Donkeys, cenotes and the Yellow City
On 23rd January, we had a leisurely wake up in our Airbnb in Campeche, loaded the car up and started our journey towards 'the Yellow City' of Izamal. I had done quite a lot of research on the internet as I knew I wanted to take Tiger swimming in cenotes somewhere but wasn't quite sure where was best. I actually stumbled upon the Santa Barbara Cenotes which are in Homún via another family travel blog and it really could not have been better for Tiger and headed straight there from Campeche which was a 3 hour (218km) drive arriving around 2.30pm.
When you arrive you buy your ticket, pick up your life jackets and take a pony and trap train to the cenotes. It was just so exciting as we sped along. The first cenote we attempted descending into was Cenote Caskabel, a closed cenote with a depth of 10m. However, it is quite something trying to convince an almost 3 year old to descend into the unknown and essentially we were too scared to go into the next one.
Luckily, we swiftly met another family and went into the the second Cenote Chacksikín with them. This one was a 'semi open' cenote so perhaps a little less scary with a depth of 16m. With Tiger dressed in her flotation suit we had bought in Cancun, we went down the steps and let the fish nibble on our toes before having a little swim.
We had finally gained our confidence by the third Cenote Xooch’. This one was completely open and with a depth of 40m. It had life guards around it and truly was spectacular. We rounded our visit off with a lovely Mexican dinner with the family we had met before leaving at about 5.30pm when it was getting dark to drive the final hour (49km) to Izamal.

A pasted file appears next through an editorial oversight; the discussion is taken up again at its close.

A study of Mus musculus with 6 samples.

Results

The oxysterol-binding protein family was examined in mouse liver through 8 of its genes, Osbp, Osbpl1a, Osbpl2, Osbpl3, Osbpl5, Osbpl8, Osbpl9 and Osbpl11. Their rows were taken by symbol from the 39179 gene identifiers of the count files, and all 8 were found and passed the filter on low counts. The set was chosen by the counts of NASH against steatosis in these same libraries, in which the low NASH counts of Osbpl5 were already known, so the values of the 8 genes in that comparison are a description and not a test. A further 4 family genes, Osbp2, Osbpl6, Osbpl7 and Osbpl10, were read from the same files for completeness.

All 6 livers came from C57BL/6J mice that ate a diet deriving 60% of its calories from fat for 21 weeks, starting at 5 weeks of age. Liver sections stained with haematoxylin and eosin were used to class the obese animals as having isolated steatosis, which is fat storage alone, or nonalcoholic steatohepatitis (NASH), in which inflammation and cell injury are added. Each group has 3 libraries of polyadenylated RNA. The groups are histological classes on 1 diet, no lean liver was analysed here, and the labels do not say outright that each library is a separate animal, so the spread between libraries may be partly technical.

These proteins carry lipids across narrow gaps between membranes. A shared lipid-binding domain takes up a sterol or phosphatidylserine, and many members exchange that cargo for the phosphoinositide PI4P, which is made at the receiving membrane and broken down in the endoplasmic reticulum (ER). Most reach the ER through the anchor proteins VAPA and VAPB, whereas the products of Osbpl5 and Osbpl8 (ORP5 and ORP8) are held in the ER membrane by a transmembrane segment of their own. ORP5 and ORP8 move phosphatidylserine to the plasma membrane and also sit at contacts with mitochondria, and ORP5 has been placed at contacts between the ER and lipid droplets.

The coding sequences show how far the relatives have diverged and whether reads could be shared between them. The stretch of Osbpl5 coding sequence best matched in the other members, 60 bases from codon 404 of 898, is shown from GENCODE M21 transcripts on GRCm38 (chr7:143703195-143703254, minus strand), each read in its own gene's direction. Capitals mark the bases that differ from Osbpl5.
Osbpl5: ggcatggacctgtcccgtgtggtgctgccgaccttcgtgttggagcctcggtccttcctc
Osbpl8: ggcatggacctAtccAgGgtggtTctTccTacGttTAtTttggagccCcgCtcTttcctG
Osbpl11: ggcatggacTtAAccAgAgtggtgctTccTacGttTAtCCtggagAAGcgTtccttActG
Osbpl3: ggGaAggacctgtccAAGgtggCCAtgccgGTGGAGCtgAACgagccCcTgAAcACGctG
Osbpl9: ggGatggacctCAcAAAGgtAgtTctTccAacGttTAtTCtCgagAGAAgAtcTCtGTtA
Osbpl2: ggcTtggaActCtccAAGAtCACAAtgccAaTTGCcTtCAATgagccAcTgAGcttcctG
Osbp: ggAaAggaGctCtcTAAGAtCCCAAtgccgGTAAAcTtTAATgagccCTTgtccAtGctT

We found our little Airbnb 'Casa Ifan' with its famous 'instagrammable' front door really easily with parking right outside. It was huge and we had only booked in for one night for £53.81. I slept in the master bedroom and we put the cot in the bathroom. The next morning we explored our yard complete with hammock and even a swimming pool (we didn't go in but it would be lovely in the summer) and walked into Izamal town.
With a little over 15,000 people, Izamal is known in the Yucatán as the Yellow City (most of its buildings are painted yellow) and the City of Hills (that actually are the remains of ancient temple pyramids). It was a very authentic Mexican experience, we stopped for a quick brunch and saw the meat market and old fashioned arcade before succumbing to the full on tourist experience with a trot around in a horse and carriage, which sent Tiger off to sleep!
After checking out around noon, we drove onwards to Tulum, 3 hours drive and 214km arriving at around 4pm. Although our stop in Izamal felt quite fast, we saw everything we needed to and in actual fact one night was just perfect for us in the end.